One indication that your grass needs mowing: It's so high, you lose a car in it. A 78-year-old Georgia widow called police in May to report that her late husband's van had been stolen. But hours later she had to place another phone call to police. After looking more closely in her yard, she discovered the inoperable van parked there-the last place anyone had seen it-obscured by high, untended weeds and grass.
Some men are born with an irresistible need for speed. And some like Craig Breedlove never outgrow it. At age 75, Breedlove is organizing an attempt to bring the land-speed record back to the United States. Breedlove-well-known decades ago as a daredevil-became the first man to take a car past the 400 mph barrier. Then he became the first to travel 500 mph on the ground. Now, decades later, an Englishman holds the land-speed record at 763 mph. Breedlove says he's planning on coming back to the driver's seat-despite his advanced age-and going for the 800 mph mark. According to friends of the legendary racer, Breedlove and his team will go for the new mark in 2013-the 50th anniversary of his first world speed record.
How scarce is land in Lower Manhattan? So scarce that owners of a luxury condominium building on 11th Street think they can sell a parking spot in their parking garage for $1 million. The spot, which measures 12 feet wide and 23 feet long, will come with a deed and will incur building maintenance fees. The $1 million price tag would make the Manhattan parking spot six times costlier than the average single family home in the United States.
A county employee in Detroit has learned a hard lesson about the maddening ways of bureaucracies. Veteran Wayne County, Mich., employee John Chevilott discovered a loaded revolver while at work in May mowing grass for the county in a Detroit neighborhood. Chevilott phoned the police to turn in the handgun-but the cops never arrived. So Chevilott did the next best thing: At the end of his shift, he transported the gun to a Detroit police station. But that's when county officials became involved. Though the police praised him for taking a gun off the streets, county officials fired him, saying he violated policy by being in possession of a gun while on the job. Chevilott said he hopes to fight to get his job back.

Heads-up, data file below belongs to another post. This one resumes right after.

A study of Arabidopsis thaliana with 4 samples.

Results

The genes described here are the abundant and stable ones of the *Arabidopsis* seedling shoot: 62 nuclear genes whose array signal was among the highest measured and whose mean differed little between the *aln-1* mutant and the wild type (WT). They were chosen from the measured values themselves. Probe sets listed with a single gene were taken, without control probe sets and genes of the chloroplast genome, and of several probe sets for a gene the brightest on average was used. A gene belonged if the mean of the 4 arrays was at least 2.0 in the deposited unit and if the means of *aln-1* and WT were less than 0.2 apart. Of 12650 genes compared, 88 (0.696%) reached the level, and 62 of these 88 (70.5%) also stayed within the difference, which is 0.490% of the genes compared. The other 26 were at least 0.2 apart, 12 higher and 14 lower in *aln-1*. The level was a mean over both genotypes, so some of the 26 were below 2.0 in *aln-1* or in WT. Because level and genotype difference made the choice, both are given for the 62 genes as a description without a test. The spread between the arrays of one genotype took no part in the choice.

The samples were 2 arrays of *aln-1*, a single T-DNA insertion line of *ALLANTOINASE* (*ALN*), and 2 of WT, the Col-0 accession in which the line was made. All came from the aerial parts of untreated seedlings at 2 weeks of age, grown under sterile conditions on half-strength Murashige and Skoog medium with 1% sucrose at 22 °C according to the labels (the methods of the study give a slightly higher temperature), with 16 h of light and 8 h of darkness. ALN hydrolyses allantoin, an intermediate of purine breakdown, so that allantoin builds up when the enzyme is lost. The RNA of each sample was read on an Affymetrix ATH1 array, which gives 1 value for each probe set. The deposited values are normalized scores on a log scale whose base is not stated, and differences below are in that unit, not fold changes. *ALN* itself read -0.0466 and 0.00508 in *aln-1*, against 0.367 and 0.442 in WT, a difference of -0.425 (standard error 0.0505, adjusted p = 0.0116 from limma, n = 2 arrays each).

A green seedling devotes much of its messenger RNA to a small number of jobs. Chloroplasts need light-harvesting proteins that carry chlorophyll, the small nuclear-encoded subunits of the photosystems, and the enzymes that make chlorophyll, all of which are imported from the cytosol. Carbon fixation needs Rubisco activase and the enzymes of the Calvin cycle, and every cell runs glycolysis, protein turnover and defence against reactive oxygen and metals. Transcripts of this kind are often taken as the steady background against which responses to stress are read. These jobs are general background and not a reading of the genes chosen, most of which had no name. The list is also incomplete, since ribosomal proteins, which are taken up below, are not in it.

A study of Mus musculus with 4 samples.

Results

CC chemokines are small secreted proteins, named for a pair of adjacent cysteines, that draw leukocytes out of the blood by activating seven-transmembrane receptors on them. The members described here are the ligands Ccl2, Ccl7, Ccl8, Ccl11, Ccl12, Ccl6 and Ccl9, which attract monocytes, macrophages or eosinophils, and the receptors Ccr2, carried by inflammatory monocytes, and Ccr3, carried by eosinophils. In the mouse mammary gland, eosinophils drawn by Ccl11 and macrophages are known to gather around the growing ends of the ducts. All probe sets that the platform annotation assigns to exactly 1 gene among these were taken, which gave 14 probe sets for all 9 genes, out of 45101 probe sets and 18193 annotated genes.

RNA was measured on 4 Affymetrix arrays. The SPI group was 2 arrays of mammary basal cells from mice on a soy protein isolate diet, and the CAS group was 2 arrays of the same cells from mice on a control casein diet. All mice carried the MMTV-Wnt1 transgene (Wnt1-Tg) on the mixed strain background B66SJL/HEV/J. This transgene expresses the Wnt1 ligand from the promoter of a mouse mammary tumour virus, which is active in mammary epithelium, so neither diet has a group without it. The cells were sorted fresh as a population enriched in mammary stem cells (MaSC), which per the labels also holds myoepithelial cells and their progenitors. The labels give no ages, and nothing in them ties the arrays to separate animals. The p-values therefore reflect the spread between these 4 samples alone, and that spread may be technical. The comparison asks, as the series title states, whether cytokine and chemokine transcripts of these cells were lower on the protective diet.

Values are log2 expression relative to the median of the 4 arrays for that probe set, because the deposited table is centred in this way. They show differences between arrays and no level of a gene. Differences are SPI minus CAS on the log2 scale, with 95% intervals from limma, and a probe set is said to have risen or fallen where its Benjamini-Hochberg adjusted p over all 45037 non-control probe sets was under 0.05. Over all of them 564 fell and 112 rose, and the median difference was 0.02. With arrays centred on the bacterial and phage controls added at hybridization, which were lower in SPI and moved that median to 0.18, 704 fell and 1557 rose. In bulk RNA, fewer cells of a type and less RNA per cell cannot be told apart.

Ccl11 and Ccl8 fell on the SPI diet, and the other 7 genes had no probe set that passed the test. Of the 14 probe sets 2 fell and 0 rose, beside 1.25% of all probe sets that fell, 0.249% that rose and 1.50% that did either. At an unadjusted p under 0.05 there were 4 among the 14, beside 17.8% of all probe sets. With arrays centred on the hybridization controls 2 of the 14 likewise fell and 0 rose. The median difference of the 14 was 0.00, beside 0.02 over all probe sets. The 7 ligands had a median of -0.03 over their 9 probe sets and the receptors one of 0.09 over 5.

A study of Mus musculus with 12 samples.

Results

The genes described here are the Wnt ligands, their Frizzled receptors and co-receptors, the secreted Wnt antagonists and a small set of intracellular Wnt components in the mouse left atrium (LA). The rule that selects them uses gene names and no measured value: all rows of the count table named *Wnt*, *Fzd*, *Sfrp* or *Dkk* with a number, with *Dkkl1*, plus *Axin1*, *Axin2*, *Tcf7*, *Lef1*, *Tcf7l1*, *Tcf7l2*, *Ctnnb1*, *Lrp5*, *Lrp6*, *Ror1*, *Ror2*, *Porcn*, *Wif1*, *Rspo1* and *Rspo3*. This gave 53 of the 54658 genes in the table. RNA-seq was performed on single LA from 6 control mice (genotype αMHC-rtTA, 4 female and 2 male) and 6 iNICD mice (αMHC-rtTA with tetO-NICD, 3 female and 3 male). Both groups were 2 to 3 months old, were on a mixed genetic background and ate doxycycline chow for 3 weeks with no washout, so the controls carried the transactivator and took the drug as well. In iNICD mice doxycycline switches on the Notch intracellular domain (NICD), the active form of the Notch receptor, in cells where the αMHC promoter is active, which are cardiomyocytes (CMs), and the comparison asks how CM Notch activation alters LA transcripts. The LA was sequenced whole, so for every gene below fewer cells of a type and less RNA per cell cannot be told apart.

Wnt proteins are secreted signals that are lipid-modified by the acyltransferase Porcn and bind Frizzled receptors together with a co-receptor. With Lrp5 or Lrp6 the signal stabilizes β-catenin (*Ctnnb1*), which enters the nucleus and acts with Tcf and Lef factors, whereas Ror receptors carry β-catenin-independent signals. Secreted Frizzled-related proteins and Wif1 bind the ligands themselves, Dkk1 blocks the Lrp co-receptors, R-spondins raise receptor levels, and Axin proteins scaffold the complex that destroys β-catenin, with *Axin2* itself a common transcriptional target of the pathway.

The last time James Peterson attempted to fist-pump for hours, he neglected to document it. But on May 11 when he felt the urge to pump his fist again, he made sure to bring a camera crew and alert Guinness that he was aiming for a record. In all, the 34-year-old Akron, Ohio, resident managed to pump his fist in the air for 16 straight hours, which, Peterson says, should be good enough to put him in the record books. To accomplish the feat, Peterson says he took no chances-he even super-glued his hand shut. "I used to hang light fixtures," he said, "so I am used to having my hands above my head."
Joe Salter can probably walk and chew gum at the same time. Bored by normal triathlons, the 31-year-old public-school counselor juggled balls during the entirety of an April 21 triathlon race, which included a quarter-mile swim, a 4-mile run and a 16.2-mile bike sprint. According to Salter, the swimming-while-juggling was the hardest part, since he had to do a slow backstroke the entire time. Juggling on the bicycle only proved difficult during gear changes, he reported. His final time: 1 hour, 57 minutes-and only three balls dropped.
Some critics have always alleged that Congress' antics are sophomoric. Now there's proof. On a whim, a researcher for the Sunlight Foundation, an open government advocacy group, plugged all congressional floor speeches into a database that analyzes word complexity and sentence length to posit a writing level. The result: Congress had been operating on an 11th-grade writing level until around 2005, when apparently the level of discourse began a long slide down to sophomore-level dialogue. In 2005, Congress scored an 11.5 on the Flesch-Kincaid scale. This year, Congress scored a 10.6.
In the battle to secure London as the home of the 2012 Summer Olympics, some stretched the boundaries of law. According to a top organizer, London 2012 officials used GPS locator tools to rig traffic lights so International Olympic Committee officials would never have to stop at a red light while visiting the city. London 2012 executive Sir Keith Mills admitted to the light-fixing-which occurred during an IOC visit to London in 2008 to judge the city's ability to handle the Olympic Games-in the Daily Mail.
Project with promise
Some kids take cotton swabs around the house to find the dirtiest objects. Others grow plants in varied levels of light. But one 15-year-old Maryland boy puts all those experiments to shame with his science fair project. For his entry into the Intel International Science and Engineering Fair, Jack Andraka of Crownsville, Md., invented a promising new test for quickly detecting the early onset of pancreatic cancer. The urine test Andraka created has proved 90 percent accurate as well as nearly 30 times less expensive than current tests. Andraka, who has applied to patent his invention, won top prize at the fair, worth $75,000.